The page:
Indian Spiced Beef and Peas (Keema Matar)

40 minutes


Keema matar, from the Indian subcontinent, is often made with ground lamb or mutton and potatoes, but we use ground beef and green peas. The garam masala adds robust spiciness, but not much chili heat. If you'd like the bite of chili in the dish, serve it with hot sauce or minced fresh jalapeños or serranos. Warm naan is the perfect accompaniment to keema, but basmati rice is also good.

4

Servings

Tip

Don't stir in the yogurt without first letting the keema matar cool for about 5 minutes. Adding the yogurt while the mixture is piping hot increases the chances the yogurt will curdle.

40 minutes

Reviews
Erin H.
May 28, 2022
Easy and flavorful
Followed recipe as written. Will make again.
Alisa T.
July 18, 2022
Know your garam masala!
This recipe is very easy to prepare, but there can be a fatal flaw. You must know your garam masala. If you have a pungent, fresh blend, it is imperative to cut the already-generous 3 tbsp called for. It can overpower and make the dish inedible. Likewise, test your ginger first, too. At different ages (aka time on the counter/in fridge), ginger has different pungency.
Brent T.


Does this freeze well as written, or would it be best to eliminate the yogurt before freezing and then adding it before reheating.

George H.

It should freeze well but don’t put in peas or yogurt. When ready to use frozen meal, perhaps add a small a mint of water, reheat, add peas, let cool a little per original directions and add yogurt.

Charles N.

Might suggest starting with half the salt and a bit less of the garam masala to start. Salt to taste after the peas and yogurt are added. The garam masala (I used Swad brand, often found in Indian grocery stores) was a bit to grainy for my tastes at that amount, though quite flavorful. Providing chopped jalopenos on the side is a nice way to add some brightness and heat. Whole milk yogurt a must. Garlic naan can be found at Trader Joes and works quite well with this dish. I also especially liked the idea of putting the ground beef into the pan in larger pieces and then breaking them up at the end; I could control the mouthfeel and consistency of the dish a bit more....a good thing to remember.

Lisa W.

This was good but lacked something (I did use less salt as we eat lower salt, gluten free and low carb diet). Would a little Rogan Josh seasoning or curry powder add to it?

Lynn C.

Hi Lisa -

This dish relies pretty heavily on garam masala so make sure that yours is as fresh as possible. Additionally, some brands are more potent than others. At Milk Street, we highly recommend buying whole spices and grinding them yourself for the best flavor. To do this, in a dry skillet over medium-low, combine 1 tablespoon fennel seeds, 1 tablespoon whole green cardamom pods, 1 teaspoon whole cloves, 2 teaspoons black peppercorns and 2 small cinnamon sticks, broken into pieces. Toast, stirring, until fragrant and beginning to brown lightly, 2 to 3 minutes. Transfer to a plate to cool. Grind in a spice grinder until reduced to a fine powder. To preserve freshness, store in a tightly sealed jar for up to a month. We also have a great DIY whole spice blend in our store that includes all of these spices (and more) that you can grind yourself. As for additions to the dish, you could definitely add curry powder, if you'd like. And, for heat, some fresh, chopped jalapeños or Serranos.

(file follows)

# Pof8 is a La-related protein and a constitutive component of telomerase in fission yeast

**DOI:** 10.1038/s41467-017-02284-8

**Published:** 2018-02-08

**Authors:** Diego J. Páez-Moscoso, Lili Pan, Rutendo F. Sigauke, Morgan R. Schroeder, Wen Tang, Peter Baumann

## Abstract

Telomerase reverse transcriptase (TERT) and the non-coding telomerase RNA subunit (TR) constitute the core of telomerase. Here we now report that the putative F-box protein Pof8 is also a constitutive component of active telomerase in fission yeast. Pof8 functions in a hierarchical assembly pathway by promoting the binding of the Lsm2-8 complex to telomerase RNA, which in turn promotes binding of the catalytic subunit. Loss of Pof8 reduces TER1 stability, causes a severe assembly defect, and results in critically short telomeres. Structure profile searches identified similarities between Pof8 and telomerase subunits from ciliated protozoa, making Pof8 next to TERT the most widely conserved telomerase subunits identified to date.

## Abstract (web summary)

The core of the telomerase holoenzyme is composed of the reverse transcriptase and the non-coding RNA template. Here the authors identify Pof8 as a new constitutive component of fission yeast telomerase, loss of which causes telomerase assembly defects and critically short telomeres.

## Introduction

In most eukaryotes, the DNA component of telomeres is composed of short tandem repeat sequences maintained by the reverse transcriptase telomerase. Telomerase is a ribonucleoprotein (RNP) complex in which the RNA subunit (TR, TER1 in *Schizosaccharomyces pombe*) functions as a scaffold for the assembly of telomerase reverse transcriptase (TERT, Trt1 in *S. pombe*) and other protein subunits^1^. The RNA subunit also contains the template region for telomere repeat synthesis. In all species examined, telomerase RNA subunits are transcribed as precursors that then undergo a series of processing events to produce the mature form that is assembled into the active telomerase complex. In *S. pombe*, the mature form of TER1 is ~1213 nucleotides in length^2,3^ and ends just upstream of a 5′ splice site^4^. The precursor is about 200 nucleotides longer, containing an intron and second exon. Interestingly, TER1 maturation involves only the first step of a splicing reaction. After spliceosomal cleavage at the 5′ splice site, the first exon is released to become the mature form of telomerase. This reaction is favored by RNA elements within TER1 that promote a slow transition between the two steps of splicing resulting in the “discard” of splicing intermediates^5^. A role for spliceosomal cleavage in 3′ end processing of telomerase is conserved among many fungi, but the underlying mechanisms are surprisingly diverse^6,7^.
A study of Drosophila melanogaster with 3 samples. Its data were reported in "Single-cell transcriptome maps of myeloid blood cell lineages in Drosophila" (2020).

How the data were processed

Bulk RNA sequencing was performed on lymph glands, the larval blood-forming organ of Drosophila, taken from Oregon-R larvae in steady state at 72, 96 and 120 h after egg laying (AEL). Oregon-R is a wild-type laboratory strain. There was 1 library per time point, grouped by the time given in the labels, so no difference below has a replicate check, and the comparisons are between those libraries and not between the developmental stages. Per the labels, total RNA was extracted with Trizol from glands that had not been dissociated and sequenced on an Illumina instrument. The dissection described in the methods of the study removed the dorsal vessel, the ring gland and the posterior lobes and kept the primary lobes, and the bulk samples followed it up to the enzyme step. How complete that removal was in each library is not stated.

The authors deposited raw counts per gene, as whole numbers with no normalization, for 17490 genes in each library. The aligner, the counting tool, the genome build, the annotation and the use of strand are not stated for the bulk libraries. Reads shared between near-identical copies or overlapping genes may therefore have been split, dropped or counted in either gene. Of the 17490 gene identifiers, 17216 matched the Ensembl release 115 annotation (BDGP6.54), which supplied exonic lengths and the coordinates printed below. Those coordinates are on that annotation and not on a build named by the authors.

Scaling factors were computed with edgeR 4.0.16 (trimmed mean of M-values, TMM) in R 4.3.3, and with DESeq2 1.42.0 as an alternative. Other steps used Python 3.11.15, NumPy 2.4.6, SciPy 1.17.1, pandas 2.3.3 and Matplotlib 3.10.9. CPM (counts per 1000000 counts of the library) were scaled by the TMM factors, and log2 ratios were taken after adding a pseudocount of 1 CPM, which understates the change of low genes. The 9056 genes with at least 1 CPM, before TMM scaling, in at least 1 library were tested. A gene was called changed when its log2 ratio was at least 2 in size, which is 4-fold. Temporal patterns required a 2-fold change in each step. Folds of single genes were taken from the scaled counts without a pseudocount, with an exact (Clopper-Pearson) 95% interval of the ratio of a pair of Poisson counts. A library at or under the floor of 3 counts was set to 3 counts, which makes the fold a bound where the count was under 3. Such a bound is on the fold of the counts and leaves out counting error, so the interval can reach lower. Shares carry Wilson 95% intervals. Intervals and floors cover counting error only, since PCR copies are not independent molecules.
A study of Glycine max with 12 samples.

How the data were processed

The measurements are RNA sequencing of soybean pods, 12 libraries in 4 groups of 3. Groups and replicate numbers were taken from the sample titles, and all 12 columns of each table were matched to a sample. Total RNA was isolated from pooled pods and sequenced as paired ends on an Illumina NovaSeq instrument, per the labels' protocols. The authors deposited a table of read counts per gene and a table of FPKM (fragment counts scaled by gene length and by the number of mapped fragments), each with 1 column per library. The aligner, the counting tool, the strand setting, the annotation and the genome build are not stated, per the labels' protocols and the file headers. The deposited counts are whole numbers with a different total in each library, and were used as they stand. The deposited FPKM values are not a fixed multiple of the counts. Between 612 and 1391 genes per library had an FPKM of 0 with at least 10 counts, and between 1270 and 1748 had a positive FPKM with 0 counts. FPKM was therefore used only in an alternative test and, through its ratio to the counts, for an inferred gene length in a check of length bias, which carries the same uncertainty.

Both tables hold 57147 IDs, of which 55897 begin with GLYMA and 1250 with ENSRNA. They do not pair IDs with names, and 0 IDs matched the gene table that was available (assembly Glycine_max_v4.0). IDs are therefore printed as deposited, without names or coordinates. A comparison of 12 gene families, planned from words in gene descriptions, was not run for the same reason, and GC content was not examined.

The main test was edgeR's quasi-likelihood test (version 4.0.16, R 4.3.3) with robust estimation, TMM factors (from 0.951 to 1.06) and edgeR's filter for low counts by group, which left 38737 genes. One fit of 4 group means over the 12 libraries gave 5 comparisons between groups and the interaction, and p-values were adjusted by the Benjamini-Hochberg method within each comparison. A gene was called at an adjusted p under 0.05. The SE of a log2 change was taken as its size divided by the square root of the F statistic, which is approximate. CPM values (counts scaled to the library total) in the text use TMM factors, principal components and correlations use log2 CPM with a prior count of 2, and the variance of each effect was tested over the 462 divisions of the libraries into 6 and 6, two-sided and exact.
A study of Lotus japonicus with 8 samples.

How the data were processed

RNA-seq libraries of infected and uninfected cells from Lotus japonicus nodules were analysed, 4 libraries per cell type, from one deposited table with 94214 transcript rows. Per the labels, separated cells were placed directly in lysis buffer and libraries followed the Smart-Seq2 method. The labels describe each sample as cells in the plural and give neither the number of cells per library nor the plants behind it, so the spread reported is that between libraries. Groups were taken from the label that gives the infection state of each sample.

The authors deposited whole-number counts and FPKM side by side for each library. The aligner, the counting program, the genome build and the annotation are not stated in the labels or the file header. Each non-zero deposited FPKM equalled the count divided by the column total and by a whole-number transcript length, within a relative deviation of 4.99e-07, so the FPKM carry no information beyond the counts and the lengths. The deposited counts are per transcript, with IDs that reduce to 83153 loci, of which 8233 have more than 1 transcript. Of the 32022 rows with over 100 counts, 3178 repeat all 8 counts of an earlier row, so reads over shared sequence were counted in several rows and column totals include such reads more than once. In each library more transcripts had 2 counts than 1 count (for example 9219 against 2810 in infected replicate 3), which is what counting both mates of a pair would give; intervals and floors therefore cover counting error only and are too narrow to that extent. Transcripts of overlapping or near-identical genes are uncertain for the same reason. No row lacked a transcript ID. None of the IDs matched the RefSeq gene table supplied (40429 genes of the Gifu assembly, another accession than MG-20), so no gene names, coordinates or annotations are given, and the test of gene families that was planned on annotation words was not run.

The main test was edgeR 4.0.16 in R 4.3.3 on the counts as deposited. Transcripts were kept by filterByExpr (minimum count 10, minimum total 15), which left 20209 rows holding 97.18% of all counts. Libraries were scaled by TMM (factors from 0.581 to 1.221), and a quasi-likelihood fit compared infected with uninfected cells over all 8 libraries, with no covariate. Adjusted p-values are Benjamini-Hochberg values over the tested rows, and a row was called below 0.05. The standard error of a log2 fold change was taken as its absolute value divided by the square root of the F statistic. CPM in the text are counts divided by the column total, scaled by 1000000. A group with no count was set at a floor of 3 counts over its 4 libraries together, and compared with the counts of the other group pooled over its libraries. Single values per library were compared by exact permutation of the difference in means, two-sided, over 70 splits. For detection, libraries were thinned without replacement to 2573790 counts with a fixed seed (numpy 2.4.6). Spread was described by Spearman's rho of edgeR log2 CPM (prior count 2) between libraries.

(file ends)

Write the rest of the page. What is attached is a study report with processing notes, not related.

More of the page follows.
Best,
The Milk Street Team

Yaoli Y.

Very delicious. Would not skip on the yogurt, cilantro and raw onion garnish at the end. All of those components were amazing together

William Y.

Does the liquid from the canned tomatoes get used?

Lynn C.

Hi William -

The whole can - tomatoes and juice - is added to the medium bowl and then the tomatoes are crushed by hand into their juices.

Best,
The Milk Street Team

Bernie W.

The salt seemed high, so I reduced to 2.5 teaspoons. I had Tumeric and Indian curry powder in the pantry so I added a teaspoon. Mixed in the yogurt when served. so good!

Becky W.

This was one of the very first Milk Street recipes I made and wow, I was converted! After I tasted it, I knew I found a source that fit my theory of cooking--recipes from all over the world with clever use of spices and techniques that excite the palate.

Bernie W.

I added a diced chili along with the garlic and ginger, a nice pop.

Shirley T.

The recipe sounds delicious, but I haven't made it yet. The recipe calls for 4 tsp of salt. Did you at Milk Street really use 4 tsp? I realize I can reduce the amount, but I am curious to learn if you used that much salt. It seems like a very large amount; especially if one uses canned tomatoes with salt.

Cindy A.

This was so good , very balanced when paired with rice & naan and layered on a bed of spinach. The 4 tsp of salt must be a typo. I did 2 tsp and it was perfectly seasoned. The beef is lean so it's a little chewy but I didn't mind. Garam Masala (I used Penzey's brand) is such an interesting spice, there's no cumin so it's a less pungent flavor profile of coriander, clove, ginger, cardamom, cinnamon, nutmeg etc.

Holly L.

Why isn't ground lamb used in this dish? Seems like it would certainly be more authentic than beef since it's an Indian dish. Anyway, I'm trying this recipe tonight using ground lamb instead.

JJ P.

In your recommended homemade garam masala you have no cumin listed. Is that on purpose? I typically use a garam masala mix that includes cumin but wondering if I need to make the one you outlined in the comments.

JJ P.

Not good. I made the suggested garam masala up in the comments since my blend contained cumin. Followed the rest of the directions exactly. It was fine for dinner but the flavors were too sharp. Leftover was actually better since it had time to meld. If you do give this a shot make it ahead of time then reheat to let the flavors marry. Would not repeat. I served this with some basmati, flatbread and some dried fried zucchini.